This session, the Legislature will have an opportunity to increase access to health care across the state of Oklahoma. Gov. Kevin Stitt’s inaugural address discussed Oklahoma becoming a top-10 state, but there are many areas needing drastic improvement for this to become a reality.
Oklahoma currently ranks 47th in health care outcomes and has consistently been placed in the bottom quartile. SB 801 and its twin bill HB 1027 seek to modernize Oklahoma’s outdated laws to better define the relationship between a doctor and his or her anesthesia provider, which is often a Certified Registered Nurse Anesthetist or CRNA.
Their years of training prepare CRNAs to take care of all patients. They do regional anesthesia, general anesthesia and sedation for every type of surgical service. CRNAs also provide anesthesia coverage for all obstetrical patients. They place epidurals for women in labor and do emergency cesarean sections when a baby’s life is in danger. Hospitals are not allowed to offer obstetric delivery services if they do not have anesthesia coverage, which is often provided by CRNAs.
CRNAs can work alone, with other CRNAs or alongside physician anesthesiologists. Multiple studies have shown there is no difference in outcome if a patient is cared for by a CRNA or by a Physician Anesthesiologist.
‘We are in a health care crisis’
There is a direct correlation between access to medical care and health care quality. If a CRNA is not working in rural Oklahoma, a pregnant woman cannot obtain vital prenatal care needed to ensure a healthy delivery. If residents of a rural county in Oklahoma are required to travel hours to the nearest hospital for a colonoscopy, they are much more likely to not receive this important screening test. If a child in rural Oklahoma needs emergency surgery, a nurse anesthetist can be readily available to do the anesthesia needed to save that child’s life.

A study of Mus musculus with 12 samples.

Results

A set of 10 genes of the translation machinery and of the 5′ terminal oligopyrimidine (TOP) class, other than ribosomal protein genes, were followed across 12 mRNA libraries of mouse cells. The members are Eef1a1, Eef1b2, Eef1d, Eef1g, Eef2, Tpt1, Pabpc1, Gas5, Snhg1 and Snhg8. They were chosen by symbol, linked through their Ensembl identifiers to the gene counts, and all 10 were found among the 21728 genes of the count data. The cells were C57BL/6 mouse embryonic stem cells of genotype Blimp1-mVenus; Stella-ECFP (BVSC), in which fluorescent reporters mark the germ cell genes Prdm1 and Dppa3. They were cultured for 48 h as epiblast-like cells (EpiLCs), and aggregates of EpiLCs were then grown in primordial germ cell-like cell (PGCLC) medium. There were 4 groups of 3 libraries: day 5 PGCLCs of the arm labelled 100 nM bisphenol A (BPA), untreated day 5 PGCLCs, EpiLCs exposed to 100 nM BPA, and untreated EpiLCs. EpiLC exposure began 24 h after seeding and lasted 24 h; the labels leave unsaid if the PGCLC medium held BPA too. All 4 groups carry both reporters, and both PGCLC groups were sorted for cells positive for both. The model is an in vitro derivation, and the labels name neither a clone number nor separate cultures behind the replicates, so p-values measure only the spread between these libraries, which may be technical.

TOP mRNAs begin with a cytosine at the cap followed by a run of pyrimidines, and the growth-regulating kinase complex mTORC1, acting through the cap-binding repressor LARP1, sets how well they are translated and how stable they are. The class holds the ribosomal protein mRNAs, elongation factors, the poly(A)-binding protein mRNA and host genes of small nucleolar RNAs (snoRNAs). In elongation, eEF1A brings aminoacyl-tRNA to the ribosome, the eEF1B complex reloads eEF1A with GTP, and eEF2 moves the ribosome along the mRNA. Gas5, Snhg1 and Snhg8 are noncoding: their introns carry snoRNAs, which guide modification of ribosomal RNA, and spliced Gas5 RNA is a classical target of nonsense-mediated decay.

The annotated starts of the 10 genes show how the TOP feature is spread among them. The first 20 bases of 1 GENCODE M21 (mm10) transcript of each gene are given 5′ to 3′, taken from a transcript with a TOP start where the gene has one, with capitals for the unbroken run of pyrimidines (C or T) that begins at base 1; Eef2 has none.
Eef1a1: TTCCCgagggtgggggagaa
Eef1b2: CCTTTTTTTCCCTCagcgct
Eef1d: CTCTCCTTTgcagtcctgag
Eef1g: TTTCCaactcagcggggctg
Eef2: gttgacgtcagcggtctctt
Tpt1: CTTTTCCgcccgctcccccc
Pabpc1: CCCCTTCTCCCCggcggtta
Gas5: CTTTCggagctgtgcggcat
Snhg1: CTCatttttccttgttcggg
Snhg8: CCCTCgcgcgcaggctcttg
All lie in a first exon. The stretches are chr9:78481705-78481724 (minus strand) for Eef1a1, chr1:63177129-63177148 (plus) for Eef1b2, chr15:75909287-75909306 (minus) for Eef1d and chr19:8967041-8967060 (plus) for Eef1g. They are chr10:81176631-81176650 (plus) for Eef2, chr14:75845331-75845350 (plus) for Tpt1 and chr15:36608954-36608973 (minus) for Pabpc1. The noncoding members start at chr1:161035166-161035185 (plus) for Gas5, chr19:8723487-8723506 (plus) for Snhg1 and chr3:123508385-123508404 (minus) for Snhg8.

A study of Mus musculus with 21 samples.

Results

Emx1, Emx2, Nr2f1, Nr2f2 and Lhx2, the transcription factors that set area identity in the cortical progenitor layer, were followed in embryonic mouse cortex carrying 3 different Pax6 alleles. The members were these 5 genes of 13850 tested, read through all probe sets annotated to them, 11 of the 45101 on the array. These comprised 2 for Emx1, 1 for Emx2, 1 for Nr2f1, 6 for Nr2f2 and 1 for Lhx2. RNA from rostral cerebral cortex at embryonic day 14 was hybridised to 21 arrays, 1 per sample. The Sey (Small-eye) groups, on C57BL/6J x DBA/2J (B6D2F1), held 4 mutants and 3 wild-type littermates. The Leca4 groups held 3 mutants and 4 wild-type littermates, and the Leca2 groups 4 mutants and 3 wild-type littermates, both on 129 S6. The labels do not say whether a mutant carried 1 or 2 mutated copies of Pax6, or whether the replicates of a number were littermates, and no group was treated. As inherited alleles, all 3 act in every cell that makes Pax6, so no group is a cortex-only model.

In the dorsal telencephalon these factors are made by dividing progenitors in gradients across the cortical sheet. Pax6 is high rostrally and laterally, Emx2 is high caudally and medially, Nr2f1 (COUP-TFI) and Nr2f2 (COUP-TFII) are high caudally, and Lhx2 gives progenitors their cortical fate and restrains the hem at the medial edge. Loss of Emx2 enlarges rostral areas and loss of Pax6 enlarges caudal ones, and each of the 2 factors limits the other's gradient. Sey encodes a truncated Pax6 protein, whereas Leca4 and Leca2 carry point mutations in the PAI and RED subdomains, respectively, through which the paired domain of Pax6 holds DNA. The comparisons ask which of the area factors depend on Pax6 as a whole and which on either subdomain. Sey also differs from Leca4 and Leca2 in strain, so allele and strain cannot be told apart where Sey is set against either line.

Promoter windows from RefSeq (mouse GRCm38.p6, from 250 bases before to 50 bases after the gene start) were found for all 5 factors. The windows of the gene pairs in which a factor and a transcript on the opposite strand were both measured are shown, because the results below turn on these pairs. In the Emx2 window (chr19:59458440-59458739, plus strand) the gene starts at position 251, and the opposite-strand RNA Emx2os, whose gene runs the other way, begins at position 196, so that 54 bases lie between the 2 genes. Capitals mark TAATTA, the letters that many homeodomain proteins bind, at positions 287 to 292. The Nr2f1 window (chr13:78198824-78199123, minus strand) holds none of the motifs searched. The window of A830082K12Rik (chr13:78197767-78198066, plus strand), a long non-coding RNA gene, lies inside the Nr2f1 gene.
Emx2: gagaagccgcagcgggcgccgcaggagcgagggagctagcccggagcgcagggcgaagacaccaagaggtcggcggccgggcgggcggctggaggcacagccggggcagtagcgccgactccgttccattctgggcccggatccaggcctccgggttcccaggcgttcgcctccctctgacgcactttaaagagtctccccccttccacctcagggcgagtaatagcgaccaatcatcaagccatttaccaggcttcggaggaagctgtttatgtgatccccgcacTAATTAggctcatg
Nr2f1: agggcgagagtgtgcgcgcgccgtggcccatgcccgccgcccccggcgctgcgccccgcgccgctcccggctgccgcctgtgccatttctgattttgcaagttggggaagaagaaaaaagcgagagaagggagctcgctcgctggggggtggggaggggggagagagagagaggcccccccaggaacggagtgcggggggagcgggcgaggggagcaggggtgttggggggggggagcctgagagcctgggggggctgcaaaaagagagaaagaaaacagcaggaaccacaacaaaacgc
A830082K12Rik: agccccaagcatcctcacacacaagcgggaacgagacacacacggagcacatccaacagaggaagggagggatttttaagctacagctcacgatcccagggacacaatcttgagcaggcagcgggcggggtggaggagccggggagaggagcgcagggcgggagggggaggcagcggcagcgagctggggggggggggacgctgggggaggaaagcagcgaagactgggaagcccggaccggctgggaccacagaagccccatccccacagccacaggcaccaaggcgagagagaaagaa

We are in a health care crisis, and rural Oklahoma is suffering because of this outdated law. Oklahoma is one of only 10 states left in the entire country that have not updated their nursing laws or rules to remove physician supervision from CRNA practice. Currently, when CRNAs provide anesthesia for patients, they are required to be supervised by the dentist, podiatrist or surgeon performing the operation. Or they must be supervised by a physician anesthesiologist. The surgeon often has no part in managing the anesthetic but is required to “supervise” the nurse anesthetist to fulfill the requirement of the current Oklahoma Nurse Practice Act. CRNAs and Surgeons collaboratively work to deliver the best outcomes for patients. Surgeons trust CRNAs to be the anesthesia experts in the operating room, cesarean section rooms and birthing suites.
This first step to improve the overall health of Oklahoma must be taken by the Legislature — remove physician supervision from CRNA practice. Outside of Oklahoma and Tulsa counties, very few nurse anesthetists are being supervised by physician anesthesiologists. Our proposed legislation will provide improvement to current legislation with a singular word change. SB 801 and HB 1027 seek to change the word “supervision” and replace it with “collaboration.” Rather than being supervised by a physician, nurse anesthetists would seek to work in collaboration with them.
U.S. News ranked the 10 best and worst states for health care by examining health care access, public health, and health care quality metrics. Of those top 10 states, none requires CRNAs to be supervised by physicians. Of states ranked in the bottom five, three require CRNAs to be “supervised.” Oklahoma is one of the five worst states in the nation.
The change proposed in SB 801 and HB 1027 is not a radical idea — 40 other states have modernized their laws and removed physician supervision of CRNAs from the Nurse Practice Act. Even the U.S. military doesn’t require the supervision of CRNA. The majority of Oklahoma counties do not have physician anesthesiologists providing anesthesia care — it is CRNAs working in the underserved, rural parts of the state. Supporting “supervision” removal from CRNA practice and replacing it with “collaboration” is best for Oklahomans statewide.